Vote 2011: Expert John Curtice queries overnight counts
An election expert says the pressures on those adding up votes could spell an end to the overnight count in future elections.
It follows the decision by north Wales officials to count votes the day after the 5 May Welsh assembly election.
All four main parties and the chair of the Assembly Commission, Lord Elis-Thomas, have criticised the plan.
Politics professor John Curtice said voters might pay more attention to elections if the count was in daytime.
Presiding Officer Lord Elis-Thomas wrote to the chief returning officer in the north, Mohammed Mehmet, calling on him and his colleagues to change plans to count ballot papers the morning after the polls.
A final decision was expected following Monday's meeting of returning officers.
But Denbighshire council, where Mr Mehmet is chief executive, said counting would not take place overnight.
There were worries about the scale of the counting required, with ballot papers for the alternative vote (AV) system referendum also needing to be counted by the same people.
Dr Curtice told BBC Wales: "There are two pressures bearing on returning officers.
"The first is that the requirements for postal votes require returning officers to check the signatures that accompany them and because people can hand in postal votes as late as polling day returning officers across the UK have been wanting to switch to Friday counts.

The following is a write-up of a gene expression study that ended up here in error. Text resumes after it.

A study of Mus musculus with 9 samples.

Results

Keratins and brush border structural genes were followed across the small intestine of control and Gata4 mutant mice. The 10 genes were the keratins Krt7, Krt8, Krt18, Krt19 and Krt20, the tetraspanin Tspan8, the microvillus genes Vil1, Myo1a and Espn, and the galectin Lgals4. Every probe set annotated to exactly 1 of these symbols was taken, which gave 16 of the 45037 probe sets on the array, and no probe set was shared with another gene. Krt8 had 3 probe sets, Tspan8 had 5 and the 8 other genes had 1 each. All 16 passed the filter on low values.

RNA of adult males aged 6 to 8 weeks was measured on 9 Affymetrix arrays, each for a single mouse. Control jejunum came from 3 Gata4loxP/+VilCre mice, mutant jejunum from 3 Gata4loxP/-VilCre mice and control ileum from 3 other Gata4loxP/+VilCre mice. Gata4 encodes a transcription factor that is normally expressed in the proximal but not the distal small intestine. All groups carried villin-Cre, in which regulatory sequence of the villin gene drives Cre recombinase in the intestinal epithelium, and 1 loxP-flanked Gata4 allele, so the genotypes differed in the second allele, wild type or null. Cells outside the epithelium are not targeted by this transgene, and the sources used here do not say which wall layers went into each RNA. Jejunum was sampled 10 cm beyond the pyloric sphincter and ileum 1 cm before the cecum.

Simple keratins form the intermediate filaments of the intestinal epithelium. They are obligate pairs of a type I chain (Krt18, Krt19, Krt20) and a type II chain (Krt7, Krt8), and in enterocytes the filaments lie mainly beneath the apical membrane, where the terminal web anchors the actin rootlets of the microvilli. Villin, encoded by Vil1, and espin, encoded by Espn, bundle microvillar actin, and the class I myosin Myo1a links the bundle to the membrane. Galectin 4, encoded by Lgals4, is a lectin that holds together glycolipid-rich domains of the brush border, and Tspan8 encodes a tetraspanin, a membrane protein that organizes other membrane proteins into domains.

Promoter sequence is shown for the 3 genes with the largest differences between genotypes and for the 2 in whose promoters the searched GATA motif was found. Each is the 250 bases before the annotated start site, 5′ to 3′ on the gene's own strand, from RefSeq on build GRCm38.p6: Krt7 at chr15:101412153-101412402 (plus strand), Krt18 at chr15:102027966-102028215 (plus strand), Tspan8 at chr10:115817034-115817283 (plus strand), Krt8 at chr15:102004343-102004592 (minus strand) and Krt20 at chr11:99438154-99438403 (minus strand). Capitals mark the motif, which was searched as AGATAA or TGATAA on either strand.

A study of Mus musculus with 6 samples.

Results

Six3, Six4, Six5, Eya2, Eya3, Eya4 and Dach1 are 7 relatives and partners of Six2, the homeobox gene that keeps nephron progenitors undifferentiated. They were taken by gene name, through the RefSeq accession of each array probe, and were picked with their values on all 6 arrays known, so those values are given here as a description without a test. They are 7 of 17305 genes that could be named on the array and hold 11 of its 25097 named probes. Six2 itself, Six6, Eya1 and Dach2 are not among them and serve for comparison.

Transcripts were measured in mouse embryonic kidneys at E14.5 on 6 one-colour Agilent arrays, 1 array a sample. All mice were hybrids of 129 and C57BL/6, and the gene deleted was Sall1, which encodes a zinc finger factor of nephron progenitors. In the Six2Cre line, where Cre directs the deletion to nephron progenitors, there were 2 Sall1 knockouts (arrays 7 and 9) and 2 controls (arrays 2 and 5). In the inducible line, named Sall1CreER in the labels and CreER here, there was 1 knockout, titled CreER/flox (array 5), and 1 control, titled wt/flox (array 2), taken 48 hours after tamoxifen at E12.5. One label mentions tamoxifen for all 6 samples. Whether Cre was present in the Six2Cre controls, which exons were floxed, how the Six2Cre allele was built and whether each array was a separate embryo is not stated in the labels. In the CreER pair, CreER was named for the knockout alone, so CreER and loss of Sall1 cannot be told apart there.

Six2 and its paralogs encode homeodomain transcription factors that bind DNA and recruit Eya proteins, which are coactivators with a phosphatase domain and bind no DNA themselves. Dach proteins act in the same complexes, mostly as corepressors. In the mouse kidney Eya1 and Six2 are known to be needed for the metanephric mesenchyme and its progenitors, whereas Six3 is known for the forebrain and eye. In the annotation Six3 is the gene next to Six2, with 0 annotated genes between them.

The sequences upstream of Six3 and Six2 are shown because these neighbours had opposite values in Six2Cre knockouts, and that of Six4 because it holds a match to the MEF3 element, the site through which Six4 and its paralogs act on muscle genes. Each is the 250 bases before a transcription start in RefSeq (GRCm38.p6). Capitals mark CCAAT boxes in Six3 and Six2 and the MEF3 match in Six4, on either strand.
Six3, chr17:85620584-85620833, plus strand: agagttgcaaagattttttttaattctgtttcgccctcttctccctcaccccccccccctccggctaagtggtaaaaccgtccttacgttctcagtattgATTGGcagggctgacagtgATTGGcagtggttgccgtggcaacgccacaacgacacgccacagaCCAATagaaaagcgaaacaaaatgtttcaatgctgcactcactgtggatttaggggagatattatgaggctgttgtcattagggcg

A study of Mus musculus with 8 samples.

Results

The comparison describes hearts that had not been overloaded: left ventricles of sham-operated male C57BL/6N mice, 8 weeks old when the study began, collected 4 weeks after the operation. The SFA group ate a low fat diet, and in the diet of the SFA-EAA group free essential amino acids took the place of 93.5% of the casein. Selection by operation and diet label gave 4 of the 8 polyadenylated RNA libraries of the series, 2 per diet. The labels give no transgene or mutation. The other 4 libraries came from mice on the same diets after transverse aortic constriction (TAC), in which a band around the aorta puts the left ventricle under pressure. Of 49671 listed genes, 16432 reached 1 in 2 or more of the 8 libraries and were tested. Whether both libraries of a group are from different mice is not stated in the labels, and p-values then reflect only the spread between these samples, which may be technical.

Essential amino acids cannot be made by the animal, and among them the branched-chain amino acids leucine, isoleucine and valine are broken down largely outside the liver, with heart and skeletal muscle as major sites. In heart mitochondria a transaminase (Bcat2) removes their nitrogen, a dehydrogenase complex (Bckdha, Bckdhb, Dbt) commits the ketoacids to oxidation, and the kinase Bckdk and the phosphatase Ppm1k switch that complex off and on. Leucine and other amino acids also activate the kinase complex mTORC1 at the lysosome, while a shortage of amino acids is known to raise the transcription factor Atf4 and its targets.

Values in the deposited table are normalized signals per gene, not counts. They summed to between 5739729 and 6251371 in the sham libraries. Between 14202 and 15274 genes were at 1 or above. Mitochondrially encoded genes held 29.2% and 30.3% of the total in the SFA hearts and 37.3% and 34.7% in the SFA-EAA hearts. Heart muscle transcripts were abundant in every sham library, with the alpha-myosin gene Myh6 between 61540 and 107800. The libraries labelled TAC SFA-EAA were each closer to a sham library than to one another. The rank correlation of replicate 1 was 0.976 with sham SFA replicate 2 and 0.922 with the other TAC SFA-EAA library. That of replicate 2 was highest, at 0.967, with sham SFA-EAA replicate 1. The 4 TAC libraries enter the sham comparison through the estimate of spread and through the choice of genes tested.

"There's also the referendum on the Alternative Vote system which increases the burden.
"But for politicians it's a job selection process and like everybody going for a job, they want to know if they've got the job sooner rather than later but the job selection process needs to be done fairly and consistently or they run into trouble.
"Politicians are very ready to criticise officers if they get it wrong and to that extent a degree of patience is required."
He said arguably the amount of people paying close attention to the results of the election would actually increase if the count was carried out during daytime rather than overnight.
In a statement after the meeting, it said: "The position on behalf of the north Wales authorities remains unchanged. The count will take place on the Friday.
"The matter was not raised at this afternoon's meeting."
But BBC Wales understands the question was raised at the meeting.